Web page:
We may sometimes feel powerless when it comes to bullying, but teens can do a lot to prevent bullying. Sometimes all we can do is be there to support friends who are being bullied, and other times we can get out in the public and bring awareness to the issue. Either way, we need to be leaders when it comes to preventing bullying:
We need to know when we're seeing bullying taking place. In order to stop bullying as it is happening, we should be putting ourselves in other people's shoes. How would you feel if someone called you a name? Would you want someone to hit you that way? What would your reaction be if someone did that to you? Would you want someone cyberbullying you and putting up lies or embarrassing photos online? When we open ourselves up empathetically by walking in someone else's shoes, we are able to better identify when someone is being bullied, because bullying involves someone feeling like their power and control is taken away. They feel victimized.
Know the Signs
We have all heard how bullying can lead to depression, falling grades, and even worse reactions of suicide or violence. Yet are these the only signs that someone you know is being bullied? We should look out for some of these warning signs that our friends or family members are victims of bullying:
- Odd injuries with no explanation
- Possessions going missing
- Increasing complaints of headaches, stomach aches, and more
- Change in eating habits such as loss of appetite or coming home hungry from school after skipping lunch on a regular basis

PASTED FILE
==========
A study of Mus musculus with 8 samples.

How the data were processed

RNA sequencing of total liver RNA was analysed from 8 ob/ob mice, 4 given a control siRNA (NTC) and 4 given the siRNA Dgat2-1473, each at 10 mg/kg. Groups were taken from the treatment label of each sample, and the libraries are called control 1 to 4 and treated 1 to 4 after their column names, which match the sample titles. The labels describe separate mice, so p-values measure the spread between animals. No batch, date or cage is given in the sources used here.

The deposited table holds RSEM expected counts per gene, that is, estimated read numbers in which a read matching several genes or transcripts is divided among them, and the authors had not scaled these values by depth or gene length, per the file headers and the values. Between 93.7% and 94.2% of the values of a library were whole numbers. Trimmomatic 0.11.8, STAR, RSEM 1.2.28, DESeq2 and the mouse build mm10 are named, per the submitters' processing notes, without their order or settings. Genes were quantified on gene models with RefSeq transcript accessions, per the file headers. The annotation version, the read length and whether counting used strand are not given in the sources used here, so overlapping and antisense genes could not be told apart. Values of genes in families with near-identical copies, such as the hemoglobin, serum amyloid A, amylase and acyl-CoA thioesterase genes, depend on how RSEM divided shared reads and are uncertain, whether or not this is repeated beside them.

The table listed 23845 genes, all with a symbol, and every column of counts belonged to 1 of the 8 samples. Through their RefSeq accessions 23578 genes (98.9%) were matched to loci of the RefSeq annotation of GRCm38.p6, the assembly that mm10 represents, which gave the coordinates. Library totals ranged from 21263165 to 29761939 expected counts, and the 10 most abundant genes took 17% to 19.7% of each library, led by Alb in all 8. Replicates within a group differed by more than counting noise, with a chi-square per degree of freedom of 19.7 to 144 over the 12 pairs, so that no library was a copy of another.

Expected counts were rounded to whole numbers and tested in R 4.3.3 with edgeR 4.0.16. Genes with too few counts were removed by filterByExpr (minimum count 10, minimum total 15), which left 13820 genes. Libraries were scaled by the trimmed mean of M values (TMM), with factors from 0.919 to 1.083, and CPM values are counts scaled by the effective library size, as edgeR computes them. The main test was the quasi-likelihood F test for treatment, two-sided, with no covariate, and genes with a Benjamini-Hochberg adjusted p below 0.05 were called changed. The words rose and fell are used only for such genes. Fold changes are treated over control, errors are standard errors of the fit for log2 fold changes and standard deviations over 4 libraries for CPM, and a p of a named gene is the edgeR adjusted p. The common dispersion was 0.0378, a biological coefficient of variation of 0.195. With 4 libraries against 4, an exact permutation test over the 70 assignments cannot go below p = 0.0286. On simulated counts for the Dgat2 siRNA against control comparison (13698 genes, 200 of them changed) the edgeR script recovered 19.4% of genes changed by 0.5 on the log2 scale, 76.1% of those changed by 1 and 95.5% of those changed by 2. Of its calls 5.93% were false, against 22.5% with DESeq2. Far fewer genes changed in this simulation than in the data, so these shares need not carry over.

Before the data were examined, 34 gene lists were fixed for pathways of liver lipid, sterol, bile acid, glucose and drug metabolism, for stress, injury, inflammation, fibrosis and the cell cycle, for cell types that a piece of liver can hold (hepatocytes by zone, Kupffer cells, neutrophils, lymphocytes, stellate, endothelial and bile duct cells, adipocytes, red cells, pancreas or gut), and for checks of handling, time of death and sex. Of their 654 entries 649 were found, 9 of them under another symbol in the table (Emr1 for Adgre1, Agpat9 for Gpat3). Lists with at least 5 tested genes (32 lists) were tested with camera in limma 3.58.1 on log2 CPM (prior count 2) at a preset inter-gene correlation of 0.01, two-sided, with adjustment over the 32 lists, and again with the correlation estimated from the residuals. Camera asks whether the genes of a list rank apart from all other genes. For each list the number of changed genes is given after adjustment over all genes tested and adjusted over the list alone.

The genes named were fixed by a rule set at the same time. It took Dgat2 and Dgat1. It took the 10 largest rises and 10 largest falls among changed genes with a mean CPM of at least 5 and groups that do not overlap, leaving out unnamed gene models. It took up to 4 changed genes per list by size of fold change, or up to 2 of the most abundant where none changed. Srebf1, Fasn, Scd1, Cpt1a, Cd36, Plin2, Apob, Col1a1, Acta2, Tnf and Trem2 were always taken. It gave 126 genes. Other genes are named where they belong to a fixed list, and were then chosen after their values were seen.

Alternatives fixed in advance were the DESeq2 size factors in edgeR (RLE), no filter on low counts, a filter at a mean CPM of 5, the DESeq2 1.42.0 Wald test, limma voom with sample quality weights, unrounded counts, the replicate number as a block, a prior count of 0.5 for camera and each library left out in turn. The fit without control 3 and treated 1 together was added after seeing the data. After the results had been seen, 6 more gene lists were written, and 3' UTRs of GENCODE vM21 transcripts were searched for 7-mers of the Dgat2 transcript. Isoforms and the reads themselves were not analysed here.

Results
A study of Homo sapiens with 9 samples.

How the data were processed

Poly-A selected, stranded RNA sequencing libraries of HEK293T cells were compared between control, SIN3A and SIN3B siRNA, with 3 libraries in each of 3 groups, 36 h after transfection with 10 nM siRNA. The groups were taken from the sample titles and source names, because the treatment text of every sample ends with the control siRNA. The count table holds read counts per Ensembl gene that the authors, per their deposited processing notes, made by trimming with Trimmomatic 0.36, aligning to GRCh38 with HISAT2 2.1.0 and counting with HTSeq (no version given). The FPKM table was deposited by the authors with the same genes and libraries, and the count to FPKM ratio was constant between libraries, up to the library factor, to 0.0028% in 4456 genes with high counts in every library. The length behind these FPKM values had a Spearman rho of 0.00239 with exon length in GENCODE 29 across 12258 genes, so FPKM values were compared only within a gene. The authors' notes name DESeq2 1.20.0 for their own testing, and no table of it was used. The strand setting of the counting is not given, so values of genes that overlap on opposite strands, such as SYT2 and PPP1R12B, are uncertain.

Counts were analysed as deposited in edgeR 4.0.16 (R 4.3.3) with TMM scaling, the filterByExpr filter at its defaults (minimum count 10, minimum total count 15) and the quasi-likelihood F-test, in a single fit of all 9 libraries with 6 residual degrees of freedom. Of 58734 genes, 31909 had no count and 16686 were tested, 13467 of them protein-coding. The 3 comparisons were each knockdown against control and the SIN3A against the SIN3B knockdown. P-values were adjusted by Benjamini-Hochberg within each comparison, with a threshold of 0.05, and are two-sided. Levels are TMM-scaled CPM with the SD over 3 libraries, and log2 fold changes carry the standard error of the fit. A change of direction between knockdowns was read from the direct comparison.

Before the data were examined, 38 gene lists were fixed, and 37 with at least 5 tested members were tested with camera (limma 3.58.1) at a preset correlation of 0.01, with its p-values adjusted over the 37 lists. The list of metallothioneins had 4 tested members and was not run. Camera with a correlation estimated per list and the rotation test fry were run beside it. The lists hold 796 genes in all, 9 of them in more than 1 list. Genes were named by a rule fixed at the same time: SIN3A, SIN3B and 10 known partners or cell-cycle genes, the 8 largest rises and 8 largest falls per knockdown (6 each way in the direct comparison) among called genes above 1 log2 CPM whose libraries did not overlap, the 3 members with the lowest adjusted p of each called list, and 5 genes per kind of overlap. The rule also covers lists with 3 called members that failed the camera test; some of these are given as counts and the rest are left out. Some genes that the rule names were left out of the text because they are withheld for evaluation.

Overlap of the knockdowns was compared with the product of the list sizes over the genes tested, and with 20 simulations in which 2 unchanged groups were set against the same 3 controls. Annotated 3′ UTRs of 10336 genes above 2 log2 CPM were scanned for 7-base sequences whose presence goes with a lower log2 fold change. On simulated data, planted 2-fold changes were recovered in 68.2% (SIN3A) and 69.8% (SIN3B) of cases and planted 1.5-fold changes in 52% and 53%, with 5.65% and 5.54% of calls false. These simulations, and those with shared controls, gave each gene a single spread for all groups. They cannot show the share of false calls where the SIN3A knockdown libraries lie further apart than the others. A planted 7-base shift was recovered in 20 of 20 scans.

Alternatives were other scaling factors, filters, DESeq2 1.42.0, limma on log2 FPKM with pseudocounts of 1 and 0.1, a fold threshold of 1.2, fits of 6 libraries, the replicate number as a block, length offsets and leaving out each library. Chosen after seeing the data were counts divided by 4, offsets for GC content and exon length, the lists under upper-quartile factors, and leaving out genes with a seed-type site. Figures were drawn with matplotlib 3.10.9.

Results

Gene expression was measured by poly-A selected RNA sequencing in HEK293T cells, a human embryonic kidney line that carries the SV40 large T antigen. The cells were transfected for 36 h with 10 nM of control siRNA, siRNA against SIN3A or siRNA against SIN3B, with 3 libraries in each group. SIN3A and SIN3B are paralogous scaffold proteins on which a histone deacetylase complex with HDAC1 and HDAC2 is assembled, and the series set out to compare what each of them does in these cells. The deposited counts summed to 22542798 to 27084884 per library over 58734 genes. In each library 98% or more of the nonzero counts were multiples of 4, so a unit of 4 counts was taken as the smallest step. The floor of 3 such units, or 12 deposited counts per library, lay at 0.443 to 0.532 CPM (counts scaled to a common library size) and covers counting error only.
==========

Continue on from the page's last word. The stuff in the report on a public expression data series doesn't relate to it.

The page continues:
- Difficulty sleeping
- Falling grades
- Skipping school
- Avoiding social outings or even avoiding certain friends
- Lower self-esteem
- Frequent nightmares
- Talking about suicide
- Running away from home
- Self-destructive behavior
See Something, Say Something
Staying silent does nothing to end bullying. We need more people to stand up and say something when they see or suspect bullying. This doesn't mean getting yourself involved in a dangerous situation, but knowing what resources to use when. We can call 911 if we see bullying causing an emergency situation. We have parents, teachers, pastors, and more adults that can get involved. Telling a friend to stop when he or she is the bully is one thing, but sometimes we need people with a little more authority to step in.
Be a Role Model
One great way to help prevent bullying is to not be bullies ourselves. We need to be role models to others and show how to properly treat others. We need to be examples of how to be respectful and kind, even when we don't really like another person. We need to stand up for those that can't stand up for themselves. We're Christians, and we need to be Christ-like in how we treat people. We should lead the way in showing that being kind is far more important than trying to prove we're better than others.
When we're talking about preventing bullying, we can do so much more. There are anti-bullying groups at a lot of schools that help bring awareness to others about bullying and what it means. There are organizations that take donations to help spread the word. We can volunteer our time to work with groups that are often victimized by bullies like developmentally disabled teens and adults. Getting involved is a great way to prevent bullying.
Use Your Talents to Speak Up
We all have specific talents. Some of us are great at making videos. Others are in bands and write music. People paint, write, and more. Are you an athlete? Do a 5K run to prevent bullying. Find a way to use your talent to bring awareness to preventing bullying.